Its time to update the genius of America's Founding Fathers to fit our present circumstances. If we can't manage to be equal to their spirit, the democracy they so carefully crafted is bound to falter.
At a time when Europe seems divided, lacking vision and, according to some pundits, on the point of collapse, how can we reignite that shared vision and enthusiasm its founders had?
If we want to create more jobs, Europe has to invest heavily in the growth sectors of the future, be they genetics, nanotechnology or digitalization. This can only be done by strengthening research and innovation throughout the EU.
There is no legal framework for a member country to re-establish its own currency or for one member to expel another. Leaving would have far-reaching implications for a country's politics, finances, economy, society and future.
Have Europe's citizens lost faith in the European project? If so, why, and what could we do to reignite a sense of common purpose?
The European Union currently suffers from "competitiveness deficit" compared to other advanced economies. It has lagged behind the U.S. for the last two decades and, if we look at gross domestic product per capita, the gap has actually widened. Why is this?
How can we restore stability to the European banking system? A banking union is the only solution, including bank deposit insurance to protect savers' assets and a central regulator, the European Central Bank.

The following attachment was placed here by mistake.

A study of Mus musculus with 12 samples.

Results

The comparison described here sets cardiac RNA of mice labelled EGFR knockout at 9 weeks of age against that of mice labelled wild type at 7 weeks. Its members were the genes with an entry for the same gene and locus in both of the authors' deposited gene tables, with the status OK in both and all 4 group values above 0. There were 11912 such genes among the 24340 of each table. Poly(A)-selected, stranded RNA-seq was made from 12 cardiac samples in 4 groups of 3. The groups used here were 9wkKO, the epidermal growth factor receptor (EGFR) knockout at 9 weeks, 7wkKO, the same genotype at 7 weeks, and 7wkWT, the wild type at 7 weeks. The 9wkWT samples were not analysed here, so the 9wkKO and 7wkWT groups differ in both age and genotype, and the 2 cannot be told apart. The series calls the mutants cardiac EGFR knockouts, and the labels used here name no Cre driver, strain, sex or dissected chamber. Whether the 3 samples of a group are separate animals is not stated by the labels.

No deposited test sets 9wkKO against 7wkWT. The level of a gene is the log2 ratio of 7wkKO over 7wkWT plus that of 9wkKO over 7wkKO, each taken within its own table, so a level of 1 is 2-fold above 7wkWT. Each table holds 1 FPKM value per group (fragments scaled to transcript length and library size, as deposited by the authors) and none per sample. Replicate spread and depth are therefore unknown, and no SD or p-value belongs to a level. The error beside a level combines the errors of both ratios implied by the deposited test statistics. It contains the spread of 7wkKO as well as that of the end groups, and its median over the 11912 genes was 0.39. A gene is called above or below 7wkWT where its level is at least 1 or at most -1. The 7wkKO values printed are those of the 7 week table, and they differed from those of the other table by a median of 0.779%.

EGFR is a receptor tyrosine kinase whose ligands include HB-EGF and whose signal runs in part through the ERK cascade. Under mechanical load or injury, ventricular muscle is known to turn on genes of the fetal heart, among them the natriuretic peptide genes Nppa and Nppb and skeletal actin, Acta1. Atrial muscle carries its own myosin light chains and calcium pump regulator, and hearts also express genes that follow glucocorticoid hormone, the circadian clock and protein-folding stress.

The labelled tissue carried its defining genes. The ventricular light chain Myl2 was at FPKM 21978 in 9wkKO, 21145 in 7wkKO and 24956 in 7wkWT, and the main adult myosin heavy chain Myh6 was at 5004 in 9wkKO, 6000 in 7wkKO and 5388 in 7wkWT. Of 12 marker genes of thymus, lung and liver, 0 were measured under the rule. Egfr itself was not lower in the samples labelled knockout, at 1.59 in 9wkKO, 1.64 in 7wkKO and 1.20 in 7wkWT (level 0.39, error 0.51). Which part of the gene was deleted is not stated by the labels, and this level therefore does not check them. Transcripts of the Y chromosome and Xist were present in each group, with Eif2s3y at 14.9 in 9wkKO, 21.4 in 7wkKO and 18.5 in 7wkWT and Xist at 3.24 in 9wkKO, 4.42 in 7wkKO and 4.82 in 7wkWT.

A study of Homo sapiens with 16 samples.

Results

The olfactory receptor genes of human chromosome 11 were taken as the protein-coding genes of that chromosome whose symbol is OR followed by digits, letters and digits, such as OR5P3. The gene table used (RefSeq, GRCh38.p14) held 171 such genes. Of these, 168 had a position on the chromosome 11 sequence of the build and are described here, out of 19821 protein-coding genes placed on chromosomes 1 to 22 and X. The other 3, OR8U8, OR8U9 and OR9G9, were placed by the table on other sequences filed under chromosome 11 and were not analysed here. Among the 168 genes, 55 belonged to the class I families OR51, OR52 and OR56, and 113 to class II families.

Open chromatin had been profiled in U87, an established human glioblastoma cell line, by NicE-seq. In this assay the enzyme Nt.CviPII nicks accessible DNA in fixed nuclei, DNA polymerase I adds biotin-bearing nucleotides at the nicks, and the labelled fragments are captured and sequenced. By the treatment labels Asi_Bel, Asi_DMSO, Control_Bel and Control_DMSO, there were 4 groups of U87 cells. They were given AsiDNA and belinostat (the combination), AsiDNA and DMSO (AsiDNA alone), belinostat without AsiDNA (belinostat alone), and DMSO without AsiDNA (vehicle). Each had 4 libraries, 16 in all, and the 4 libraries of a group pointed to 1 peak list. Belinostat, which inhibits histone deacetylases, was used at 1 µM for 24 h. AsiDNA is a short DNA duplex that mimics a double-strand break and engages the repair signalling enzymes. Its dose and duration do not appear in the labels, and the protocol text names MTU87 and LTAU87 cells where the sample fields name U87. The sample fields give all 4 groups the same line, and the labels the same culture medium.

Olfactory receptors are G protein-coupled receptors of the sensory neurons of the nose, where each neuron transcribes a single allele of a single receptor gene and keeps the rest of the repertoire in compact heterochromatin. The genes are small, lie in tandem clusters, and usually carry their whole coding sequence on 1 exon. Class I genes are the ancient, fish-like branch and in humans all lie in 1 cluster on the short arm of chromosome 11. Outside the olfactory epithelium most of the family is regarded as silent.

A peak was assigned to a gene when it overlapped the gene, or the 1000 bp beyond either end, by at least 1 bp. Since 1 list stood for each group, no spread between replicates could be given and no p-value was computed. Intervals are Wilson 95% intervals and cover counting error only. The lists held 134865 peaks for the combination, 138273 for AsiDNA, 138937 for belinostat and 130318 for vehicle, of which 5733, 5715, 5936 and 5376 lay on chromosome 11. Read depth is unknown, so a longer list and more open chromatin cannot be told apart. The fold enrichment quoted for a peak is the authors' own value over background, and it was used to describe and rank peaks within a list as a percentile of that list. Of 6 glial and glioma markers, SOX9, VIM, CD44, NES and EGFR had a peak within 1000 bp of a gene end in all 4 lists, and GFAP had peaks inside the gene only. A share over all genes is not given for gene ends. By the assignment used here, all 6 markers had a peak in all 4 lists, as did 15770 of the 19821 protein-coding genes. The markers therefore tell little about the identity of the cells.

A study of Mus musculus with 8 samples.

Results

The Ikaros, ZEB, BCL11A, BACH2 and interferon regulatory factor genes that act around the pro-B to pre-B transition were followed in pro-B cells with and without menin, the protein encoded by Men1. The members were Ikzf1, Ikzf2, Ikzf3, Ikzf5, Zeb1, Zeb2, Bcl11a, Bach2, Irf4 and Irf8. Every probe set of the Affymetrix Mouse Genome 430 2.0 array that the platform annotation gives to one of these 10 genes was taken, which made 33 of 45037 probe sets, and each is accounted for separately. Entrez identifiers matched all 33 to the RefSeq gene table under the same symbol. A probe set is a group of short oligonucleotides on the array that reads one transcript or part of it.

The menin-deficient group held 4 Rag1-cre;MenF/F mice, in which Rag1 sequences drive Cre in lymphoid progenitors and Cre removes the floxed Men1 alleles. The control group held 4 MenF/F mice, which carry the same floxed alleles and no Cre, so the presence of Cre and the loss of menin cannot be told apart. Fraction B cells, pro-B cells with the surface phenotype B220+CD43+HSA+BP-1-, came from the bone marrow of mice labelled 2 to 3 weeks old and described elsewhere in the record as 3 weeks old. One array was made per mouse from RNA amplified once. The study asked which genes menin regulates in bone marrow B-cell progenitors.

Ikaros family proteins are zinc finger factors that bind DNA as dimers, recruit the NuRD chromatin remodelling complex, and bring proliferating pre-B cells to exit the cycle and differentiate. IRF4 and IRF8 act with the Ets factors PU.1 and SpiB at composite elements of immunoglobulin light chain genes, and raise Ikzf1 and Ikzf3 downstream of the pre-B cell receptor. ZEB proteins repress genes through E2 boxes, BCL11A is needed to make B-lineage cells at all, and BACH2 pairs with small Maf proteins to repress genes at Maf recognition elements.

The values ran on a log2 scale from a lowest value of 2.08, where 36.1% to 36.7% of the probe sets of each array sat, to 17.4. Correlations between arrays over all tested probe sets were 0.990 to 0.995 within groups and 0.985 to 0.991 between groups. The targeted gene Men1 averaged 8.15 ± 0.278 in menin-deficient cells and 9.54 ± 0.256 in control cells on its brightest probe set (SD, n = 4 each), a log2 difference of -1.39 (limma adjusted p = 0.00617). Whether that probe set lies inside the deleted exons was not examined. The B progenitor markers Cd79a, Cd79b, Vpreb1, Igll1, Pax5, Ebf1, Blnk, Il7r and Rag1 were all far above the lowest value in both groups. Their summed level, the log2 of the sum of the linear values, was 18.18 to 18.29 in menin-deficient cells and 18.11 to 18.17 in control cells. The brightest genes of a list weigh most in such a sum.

Symbolically, the Oslo ceremonies are an historical turning point for Europe. By recognizing the European Union's peacemaking past, the Nobel Prize challenges Europe to escape once and for all the destructive pull of narrow national interests and passions.
When the European Union was only an idea, a fantastic object, it was conceived as an instrument of solidarity. Today, Europe hangs together out of grim necessity. That is not conducive to a harmonious partnership.
My recent experience in dealing with the financial crisis in Greece and in Europe has confirmed my belief that this is a political crisis more than a financial one. In trying to confront its fiscal deficit, Europe has run up a democratic deficit.
Turkey today is strong and resilient. But there is more to be done to improve our performance and build proactively on this foundation.
The Great Compression will give way to the Great Reflation, not next month or next quarter but at some point over the next 12 to 24 months. How this is done will make all the difference -- via beggar-thy-neighbor policies or internal, pro-growth policy implementation?
What if, as is incessantly threatened, Greece ultimately ends up pulling out of Europe? Everyone can always get out of everything, naturally. The Greeks themselves, blinded by bad shepherds or by their own populist passion, can decide to take this headlong escape.
Europe is at a crossroads. The wider European Union needs to decide whether to promote growth, speak with a common voice on global issues and play a significant global role in the 21st century -- or to accept that the world will move on without Europe.
Who cares about why and how Greece entered the eurozone? Who cares about state accountants tip-tapping on Excel fifteen years ago? Does this discussion make tomorrow's solutions more likely?
I shall resist the temptation of being the Brit outside the euro trying to tell everyone inside why it was a bad idea. First, because I don't think it is a bad idea. In principle, a single currency along with a single market makes sense for Europe. Second, because in any event, we are where we are.